East Hampton, Guild Hall Museum, Then and Now: Early and Mature Examples of the Work of 25 20th Century American Artists, July - August 1963
East Hampton, Guild Hall Museum, Festival of the Arts Exhibition, April - May 1964
London, Whitechapel Art Gallery; Hull, Ferens Art Gallery; Nottingham, Victoria Street Gallery; Manchester, City Art Gallery; Cardiff, Arts Council Gallery, Lee Krasner, Paintings, Drawings and Collages, September 1965 - October 1966, cat. no. 49, illustrated
Tuscaloosa, University Art Gallery, University of Alabama, Paintings by Lee Krasner, February - March 1967, cat. no. 5
Houston, Janie C. Lee Gallery, Lee Krasner: Paintings 1956 - 1971, February - March 1981, cat. no. 6 (as Nightbloom #1)
Houston, Museum of Fine Arts; San Francisco Museum of Modern Art, Norfolk, VA, Chrysler Museum; Phoenix Art Museum; New York, Museum of Modern Art, Lee Krasner: A Retrospective Exhibition, November 1983 - February 1985
Houston, Meredith Long & Co., An Exhibition of Works by Lee Krasner Selected by Edward Albee, May 1991
As one of the few women in the predominantly male Abstract Expressionist movement that achieved notarity and commanded respect from her peers, Lee Krasner’s style was constantly evolving and changing course. In 1959, Krasner embarked on a new series of works, The Night Journeys, influenced heavily by the recent deaths of both Jackson Pollock and her mother, on which she worked for the next three years. Having moved back to Manhattan and plagued by insomnia which kept her painting late into the nights. The present work, Nightbloom, 1962, is an emotionally intense painting that fully embodies the swirl of chaos surrounding Krasner at this time.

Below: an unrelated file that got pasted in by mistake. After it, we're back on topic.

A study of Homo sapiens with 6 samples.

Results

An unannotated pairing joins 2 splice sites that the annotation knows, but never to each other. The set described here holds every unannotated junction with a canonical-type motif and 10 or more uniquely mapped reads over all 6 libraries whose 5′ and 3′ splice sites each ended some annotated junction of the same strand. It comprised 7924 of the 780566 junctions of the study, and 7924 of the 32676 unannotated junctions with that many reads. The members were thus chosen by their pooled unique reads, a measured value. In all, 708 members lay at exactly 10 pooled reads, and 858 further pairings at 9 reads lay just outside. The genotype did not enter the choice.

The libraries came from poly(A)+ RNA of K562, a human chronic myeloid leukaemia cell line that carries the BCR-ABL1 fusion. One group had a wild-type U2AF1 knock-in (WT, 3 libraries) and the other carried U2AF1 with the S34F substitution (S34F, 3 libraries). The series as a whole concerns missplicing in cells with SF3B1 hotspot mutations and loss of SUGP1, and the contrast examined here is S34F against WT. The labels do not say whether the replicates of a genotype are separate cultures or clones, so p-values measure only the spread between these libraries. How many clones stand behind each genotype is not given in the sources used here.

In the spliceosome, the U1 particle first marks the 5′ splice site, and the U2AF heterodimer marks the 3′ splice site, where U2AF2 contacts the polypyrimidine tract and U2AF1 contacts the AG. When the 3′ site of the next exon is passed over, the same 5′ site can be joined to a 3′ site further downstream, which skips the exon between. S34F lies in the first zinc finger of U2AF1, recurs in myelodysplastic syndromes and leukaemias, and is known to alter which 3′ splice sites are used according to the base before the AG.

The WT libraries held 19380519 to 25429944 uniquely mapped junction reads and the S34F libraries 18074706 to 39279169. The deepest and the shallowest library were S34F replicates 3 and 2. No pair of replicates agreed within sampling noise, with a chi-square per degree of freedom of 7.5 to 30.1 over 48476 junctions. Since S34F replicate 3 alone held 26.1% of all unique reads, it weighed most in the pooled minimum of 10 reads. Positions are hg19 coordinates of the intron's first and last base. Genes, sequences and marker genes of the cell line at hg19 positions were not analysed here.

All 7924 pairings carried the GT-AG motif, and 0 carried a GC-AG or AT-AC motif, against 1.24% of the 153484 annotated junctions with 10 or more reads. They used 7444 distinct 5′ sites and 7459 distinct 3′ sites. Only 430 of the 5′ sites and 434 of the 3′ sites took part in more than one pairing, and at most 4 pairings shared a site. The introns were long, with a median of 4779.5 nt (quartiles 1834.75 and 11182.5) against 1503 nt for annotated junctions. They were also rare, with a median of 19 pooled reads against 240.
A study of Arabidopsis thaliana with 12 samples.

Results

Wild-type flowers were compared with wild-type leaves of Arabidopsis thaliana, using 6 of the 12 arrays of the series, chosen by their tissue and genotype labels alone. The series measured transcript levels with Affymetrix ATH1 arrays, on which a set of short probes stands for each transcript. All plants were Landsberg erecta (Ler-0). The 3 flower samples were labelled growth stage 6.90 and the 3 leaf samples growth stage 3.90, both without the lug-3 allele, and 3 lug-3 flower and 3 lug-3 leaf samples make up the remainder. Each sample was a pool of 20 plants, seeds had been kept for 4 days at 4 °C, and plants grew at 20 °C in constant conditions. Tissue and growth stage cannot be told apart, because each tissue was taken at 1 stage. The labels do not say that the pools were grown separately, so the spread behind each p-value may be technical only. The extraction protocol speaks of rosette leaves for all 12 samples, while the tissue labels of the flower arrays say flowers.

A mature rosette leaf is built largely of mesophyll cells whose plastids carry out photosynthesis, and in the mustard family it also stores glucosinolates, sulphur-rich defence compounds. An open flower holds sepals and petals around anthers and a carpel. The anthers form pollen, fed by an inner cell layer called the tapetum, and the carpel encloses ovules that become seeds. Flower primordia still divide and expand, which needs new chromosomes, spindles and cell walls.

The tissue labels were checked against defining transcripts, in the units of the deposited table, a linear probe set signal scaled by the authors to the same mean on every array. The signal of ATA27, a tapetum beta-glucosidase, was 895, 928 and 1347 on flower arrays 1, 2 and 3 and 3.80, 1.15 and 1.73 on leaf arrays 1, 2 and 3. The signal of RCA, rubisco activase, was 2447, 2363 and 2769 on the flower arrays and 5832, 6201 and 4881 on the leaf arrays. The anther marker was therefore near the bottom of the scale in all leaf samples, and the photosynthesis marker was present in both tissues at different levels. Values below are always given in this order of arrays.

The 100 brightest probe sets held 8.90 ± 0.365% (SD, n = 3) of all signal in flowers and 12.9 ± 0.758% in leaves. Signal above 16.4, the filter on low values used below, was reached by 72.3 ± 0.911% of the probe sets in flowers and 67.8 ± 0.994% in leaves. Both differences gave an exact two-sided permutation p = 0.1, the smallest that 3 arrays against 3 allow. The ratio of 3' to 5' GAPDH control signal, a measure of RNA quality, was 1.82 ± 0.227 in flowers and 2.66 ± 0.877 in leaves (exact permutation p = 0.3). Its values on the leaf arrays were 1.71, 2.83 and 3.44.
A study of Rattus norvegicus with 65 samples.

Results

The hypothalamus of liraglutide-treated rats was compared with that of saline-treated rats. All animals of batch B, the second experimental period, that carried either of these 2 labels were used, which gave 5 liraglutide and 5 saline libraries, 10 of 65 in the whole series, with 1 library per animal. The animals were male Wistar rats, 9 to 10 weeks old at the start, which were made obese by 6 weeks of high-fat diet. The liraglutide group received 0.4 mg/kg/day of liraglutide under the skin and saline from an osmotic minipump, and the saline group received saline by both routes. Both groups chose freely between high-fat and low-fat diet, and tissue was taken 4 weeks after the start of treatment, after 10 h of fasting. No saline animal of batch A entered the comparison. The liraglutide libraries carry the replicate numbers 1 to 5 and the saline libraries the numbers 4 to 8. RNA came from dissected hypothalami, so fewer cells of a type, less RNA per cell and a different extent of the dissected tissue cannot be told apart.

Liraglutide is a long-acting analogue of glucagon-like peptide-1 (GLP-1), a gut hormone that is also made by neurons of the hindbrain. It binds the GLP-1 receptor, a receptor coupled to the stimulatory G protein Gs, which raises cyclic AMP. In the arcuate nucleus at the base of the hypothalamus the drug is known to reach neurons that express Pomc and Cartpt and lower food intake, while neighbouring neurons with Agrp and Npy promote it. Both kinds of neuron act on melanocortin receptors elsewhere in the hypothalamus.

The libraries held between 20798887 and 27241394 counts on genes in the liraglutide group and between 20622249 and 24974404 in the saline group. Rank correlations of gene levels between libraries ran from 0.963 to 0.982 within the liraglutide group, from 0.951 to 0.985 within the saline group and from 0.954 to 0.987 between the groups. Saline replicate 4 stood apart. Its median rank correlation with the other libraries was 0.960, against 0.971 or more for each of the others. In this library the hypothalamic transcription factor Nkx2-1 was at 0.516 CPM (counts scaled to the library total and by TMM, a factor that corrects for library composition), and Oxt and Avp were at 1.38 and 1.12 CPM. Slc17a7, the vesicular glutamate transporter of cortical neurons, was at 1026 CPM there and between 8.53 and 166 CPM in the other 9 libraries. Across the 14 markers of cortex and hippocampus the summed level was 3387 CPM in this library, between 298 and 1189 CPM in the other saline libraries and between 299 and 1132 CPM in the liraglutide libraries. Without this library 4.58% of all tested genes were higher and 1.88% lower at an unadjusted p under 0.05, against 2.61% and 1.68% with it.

Using a vibrant palette applied in a maelstrom of circular brushstrokes, Nightbloom, in both manner and title, suggests a rebirth, a resurgence from a dark period of life. Painted towards the end of her work on the Night Journeys series, the present work captures an explosive moment of creative breakthrough. The centrifical force created by the active brushstrokes draws the eye inward and around, imbibing the canvas with a remarkable vitality. The sprays of paint recall the ‘action painting’ of Pollock and one can easily envision the somnambulist painter attacking the canvas with a raw energy, producing a well-balanced composition bursting with pure gestural expression. Nightbloom is a highly evocative work produced at a moment of time when Krasner emerged from the shadows of her famous husband and established herself as a highly talented and original painter in her own right.